What is RC4 Encryption?

RC4 means Rivest Cipher 4 invented by Ron Rivest in 1987 for RSA Security. It is a Stream Ciphers. Stream Ciphers operate on a stream of data byte by byte. RC4 stream cipher is one of the most widely used stream ciphers because of its simplicity and speed of operation. It is a variable key-size stream cipher with byte-oriented operations. It uses either 64 bit or 128-bit key sizes. It is generally used in applications such as Secure Socket Layer (SSL), Transport Layer Security (TSL), and also used in IEEE 802.11 wireless LAN std. 

Why Encryption Is Important?

Unauthorized data access can be prevented by encryption. If we perform encryption then third parties can not have access to data which we share or receive. The encryption is done by using a secret key, or we can say that by using a public key and private key. Both sender and receiver are having their public key and private key through which encryption of plain text and decryption of ciphertext is performed.

History of RC4 Encryption

RC4 was designed by Ron Rivest in 1987. He was working under RSA Security. Rivest Cipher 4 is an official name while it is also known as Ron’s Code. Initially, RC4 was trade secret but once it’s code spread in the public domain it was no more a trade secret. While Ron did not reveal the RC4 algorithm until 2014 when he described the history of RC4 in English Wikipedia. 

Applications of RC4

RC4 is used in various applications such as WEP from 1997 and WPA from 2003. We also find applications of RC4 in SSL from 1995 and it is a successor of TLS from 1999. RC4 is used in varied applications because of its simplicity, speed, and simplified implementation in both software and hardware. 

Types of RC4

There are various types of RC4 such as Spritz, RC4A, VMPC, and RC4A.



  1. SPRITZ: Spritz can be used to build a cryptographic hash function, a deterministic random bit generator (DRBG), n an encryption algorithm that supports authenticated encryption with associated data (AEAD).
  2. RC4A: Souraduyti Paul and Bart Preneel have proposed an RC4 variant, which they call RC4A, which is stronger than RC4.
  3. VMPC: VMPC is another variant of RC4 which stands for Variably Modified Permutation Composition.
  4. RC4A+: RC4A+ is a modified version of RC4 with a more complex three-phase key schedule which takes about three times as long as RC4 and a more complex output function which performs four additional lookups in the S array for each byte output, taking approximately 1.7 times as long as basic RC4.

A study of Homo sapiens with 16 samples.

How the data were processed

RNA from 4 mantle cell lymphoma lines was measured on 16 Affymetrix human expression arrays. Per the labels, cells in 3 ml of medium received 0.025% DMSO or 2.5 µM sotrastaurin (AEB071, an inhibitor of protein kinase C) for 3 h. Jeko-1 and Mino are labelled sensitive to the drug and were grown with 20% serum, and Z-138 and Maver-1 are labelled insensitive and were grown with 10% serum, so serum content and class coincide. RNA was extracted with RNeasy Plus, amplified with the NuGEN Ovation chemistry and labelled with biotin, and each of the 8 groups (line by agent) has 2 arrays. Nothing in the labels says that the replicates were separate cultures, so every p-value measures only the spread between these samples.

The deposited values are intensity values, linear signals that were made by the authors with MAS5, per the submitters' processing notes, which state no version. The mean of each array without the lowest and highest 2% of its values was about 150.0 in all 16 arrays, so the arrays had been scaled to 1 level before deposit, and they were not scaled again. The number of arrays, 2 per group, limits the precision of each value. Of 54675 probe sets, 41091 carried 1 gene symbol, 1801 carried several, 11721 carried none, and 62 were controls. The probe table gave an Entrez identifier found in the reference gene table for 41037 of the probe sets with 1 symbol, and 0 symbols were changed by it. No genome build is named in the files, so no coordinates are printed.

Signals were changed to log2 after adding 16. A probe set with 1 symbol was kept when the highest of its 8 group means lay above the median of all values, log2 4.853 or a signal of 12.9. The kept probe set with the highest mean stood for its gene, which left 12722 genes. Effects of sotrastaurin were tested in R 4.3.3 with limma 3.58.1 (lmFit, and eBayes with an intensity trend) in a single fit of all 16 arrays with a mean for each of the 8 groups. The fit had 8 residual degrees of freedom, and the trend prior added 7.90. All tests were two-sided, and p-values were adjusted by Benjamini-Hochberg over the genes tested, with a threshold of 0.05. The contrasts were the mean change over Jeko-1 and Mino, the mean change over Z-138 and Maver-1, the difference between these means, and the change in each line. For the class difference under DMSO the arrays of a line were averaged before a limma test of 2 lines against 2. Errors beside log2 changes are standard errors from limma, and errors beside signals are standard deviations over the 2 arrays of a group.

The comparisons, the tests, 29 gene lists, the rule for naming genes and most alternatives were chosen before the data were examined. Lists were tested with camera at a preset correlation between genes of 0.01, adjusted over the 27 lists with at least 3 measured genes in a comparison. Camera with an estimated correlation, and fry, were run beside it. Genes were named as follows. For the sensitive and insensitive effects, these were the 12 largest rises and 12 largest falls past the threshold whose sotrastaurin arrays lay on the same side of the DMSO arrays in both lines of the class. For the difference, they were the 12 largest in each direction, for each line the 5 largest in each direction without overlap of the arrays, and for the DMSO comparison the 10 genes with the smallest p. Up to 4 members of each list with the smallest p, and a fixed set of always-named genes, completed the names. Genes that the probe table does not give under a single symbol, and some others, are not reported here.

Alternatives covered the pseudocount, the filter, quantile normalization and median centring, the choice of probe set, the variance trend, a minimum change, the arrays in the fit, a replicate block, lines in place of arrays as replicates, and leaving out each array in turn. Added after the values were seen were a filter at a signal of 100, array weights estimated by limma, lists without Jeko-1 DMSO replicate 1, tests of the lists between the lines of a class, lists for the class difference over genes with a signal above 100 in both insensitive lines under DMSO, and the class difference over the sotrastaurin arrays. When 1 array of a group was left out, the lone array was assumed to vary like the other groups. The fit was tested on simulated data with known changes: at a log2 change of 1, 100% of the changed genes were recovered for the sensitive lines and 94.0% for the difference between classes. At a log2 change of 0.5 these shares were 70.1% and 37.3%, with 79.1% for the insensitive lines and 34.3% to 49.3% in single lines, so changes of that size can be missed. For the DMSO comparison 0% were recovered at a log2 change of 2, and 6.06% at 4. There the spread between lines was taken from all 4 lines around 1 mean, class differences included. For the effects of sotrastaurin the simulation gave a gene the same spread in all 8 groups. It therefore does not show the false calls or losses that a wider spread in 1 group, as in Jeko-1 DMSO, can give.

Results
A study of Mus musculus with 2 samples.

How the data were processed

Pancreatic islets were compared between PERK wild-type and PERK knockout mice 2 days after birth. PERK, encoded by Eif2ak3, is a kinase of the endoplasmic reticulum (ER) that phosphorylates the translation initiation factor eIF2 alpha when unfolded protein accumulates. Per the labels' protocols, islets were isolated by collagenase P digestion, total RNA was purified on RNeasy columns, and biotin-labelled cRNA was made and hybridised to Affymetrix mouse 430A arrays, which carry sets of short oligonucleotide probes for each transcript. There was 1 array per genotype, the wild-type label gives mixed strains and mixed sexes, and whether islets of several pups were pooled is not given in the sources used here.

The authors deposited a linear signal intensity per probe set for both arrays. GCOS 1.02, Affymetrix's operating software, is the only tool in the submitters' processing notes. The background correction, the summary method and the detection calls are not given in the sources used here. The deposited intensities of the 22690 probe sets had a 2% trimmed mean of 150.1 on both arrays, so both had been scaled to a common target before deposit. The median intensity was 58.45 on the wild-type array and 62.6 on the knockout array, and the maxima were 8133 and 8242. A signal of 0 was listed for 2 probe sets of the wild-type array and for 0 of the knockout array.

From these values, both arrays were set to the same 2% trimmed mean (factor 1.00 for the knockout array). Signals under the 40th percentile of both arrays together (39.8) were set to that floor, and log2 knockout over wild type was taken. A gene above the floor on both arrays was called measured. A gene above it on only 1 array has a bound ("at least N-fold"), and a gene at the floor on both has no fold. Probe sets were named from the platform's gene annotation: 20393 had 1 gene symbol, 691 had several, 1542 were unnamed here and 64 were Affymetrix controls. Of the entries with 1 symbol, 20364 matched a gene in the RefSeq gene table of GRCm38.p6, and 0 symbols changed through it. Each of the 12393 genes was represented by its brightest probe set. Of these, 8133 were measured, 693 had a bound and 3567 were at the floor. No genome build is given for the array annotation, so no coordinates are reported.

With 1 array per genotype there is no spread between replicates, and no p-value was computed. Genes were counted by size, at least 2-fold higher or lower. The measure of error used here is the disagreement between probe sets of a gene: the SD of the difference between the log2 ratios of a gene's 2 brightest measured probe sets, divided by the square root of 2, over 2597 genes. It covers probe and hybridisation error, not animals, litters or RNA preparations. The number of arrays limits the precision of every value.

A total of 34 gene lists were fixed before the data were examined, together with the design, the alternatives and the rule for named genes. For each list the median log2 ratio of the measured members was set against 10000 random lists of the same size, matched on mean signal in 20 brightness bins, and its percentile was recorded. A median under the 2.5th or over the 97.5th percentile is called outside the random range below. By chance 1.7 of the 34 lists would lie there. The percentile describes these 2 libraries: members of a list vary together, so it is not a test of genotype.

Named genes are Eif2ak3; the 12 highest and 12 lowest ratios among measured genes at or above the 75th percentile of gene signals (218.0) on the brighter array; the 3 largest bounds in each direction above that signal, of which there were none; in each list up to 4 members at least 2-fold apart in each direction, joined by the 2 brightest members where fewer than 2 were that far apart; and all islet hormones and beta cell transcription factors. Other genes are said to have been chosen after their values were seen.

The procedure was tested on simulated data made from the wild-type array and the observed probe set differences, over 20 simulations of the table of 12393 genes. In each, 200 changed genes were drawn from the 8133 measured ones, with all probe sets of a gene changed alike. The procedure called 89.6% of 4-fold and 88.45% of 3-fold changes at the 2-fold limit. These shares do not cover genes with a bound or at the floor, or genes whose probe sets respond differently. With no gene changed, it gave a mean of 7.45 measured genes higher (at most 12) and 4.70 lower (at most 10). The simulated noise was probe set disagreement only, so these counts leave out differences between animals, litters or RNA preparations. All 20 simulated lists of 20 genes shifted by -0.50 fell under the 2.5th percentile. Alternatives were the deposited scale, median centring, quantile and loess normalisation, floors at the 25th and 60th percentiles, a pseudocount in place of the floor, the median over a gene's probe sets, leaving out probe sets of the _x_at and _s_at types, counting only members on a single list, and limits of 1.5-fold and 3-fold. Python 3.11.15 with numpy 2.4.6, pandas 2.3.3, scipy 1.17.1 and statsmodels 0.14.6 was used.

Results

Algorithm

The algorithm operates on a user-selected variable-length key(K) of 1 to 256 bytes (8 to 2048 bits), typically between 5 and 16 bytes. To generate a 256-byte state vector S, the master key is used. 
The first step is the array initialization. It is a character array of size 256 i.e. S[256]. After that, for every element of the array, we initialize S[i] to i. 

Code for array initialization:
Char S[256];
int i;
for(i=0;i<256;i++)
S[i] = i
The array will look like -
S[] = {0, 1, 2, 3, ------, 254, 255}

After this, we will run the KSA algorithm- 

KSA is going to use the secret key to scramble this array. KSA is a simple loop, in which we are having two variable i and j. We are using these variables to rearrange the array. Rearranging the array is done by using a secret key. 

Code for KSA (Key Scheduling Algorithm ) :
int i, j=0;
for(i=0;i<256;i++)
{
j=( j + S[i] + T[i]) mod 256;
Swap(S[i], S[j]);
}

KSA has been scrambled, S[256] array is used to generate the PRGA(Pseudo Random Generation Algorithm). This is the actual Keystream. 

Code for PRGA ( Pseudo Random Generation Algorithm ):
i=j=0;
while(true)
{
i = ( i + 1 ) mod 256;
j = ( j + S[i] ) mod 256;
Swap( S[i], S[j] );
t = ( S[i] + S[j] ) mod 256 ; 
k = S[t]; 
}

This is the next step of scrambling. 

RC4 Block Diagram

RC4 Block Diagram

Working of RC4

Encryption Procedure

  1. The user inputs a plain text file and a secret key.
  2. The encryption engine then generates the keystream by using KSA and PRGA Algorithm.
  3. This keystream is now XOR with the plain text, this XORing is done byte by byte to produce the encrypted text.
  4. The encrypted text is then sent to the intended receiver, the intended receiver will then decrypted the text and after decryption, the receiver will get the original plain text.

Decryption Procedure

Decryption is achieved by doing the same byte-wise X-OR operation on the Ciphertext. 

Example: Let A be the plain text and B be the keystream (A xor B) xor B = A 

Advantages

  1. RC4 stream ciphers are simple to use.
  2. The speed of operation in RC4 is fast as compared to other ciphers.
  3. RC4 stream ciphers are strong in coding and easy to implement.
  4. RC4 stream ciphers do not require more memory.
  5. RC4 stream ciphers are implemented on large streams of data.

Disadvantages

  • If RC4 is not used with strong MAC then encryption is vulnerable to a bit-flipping attack.
  • RC4 stream ciphers do not provide authentication.
  • RC4 algorithm requires additional analysis before including new systems.
  • RC4 stream ciphers cannot be implemented on small streams of data.
  • RC4 fails to discard the beginning of output keystream or fails to use non-random or related keys for the algorithm.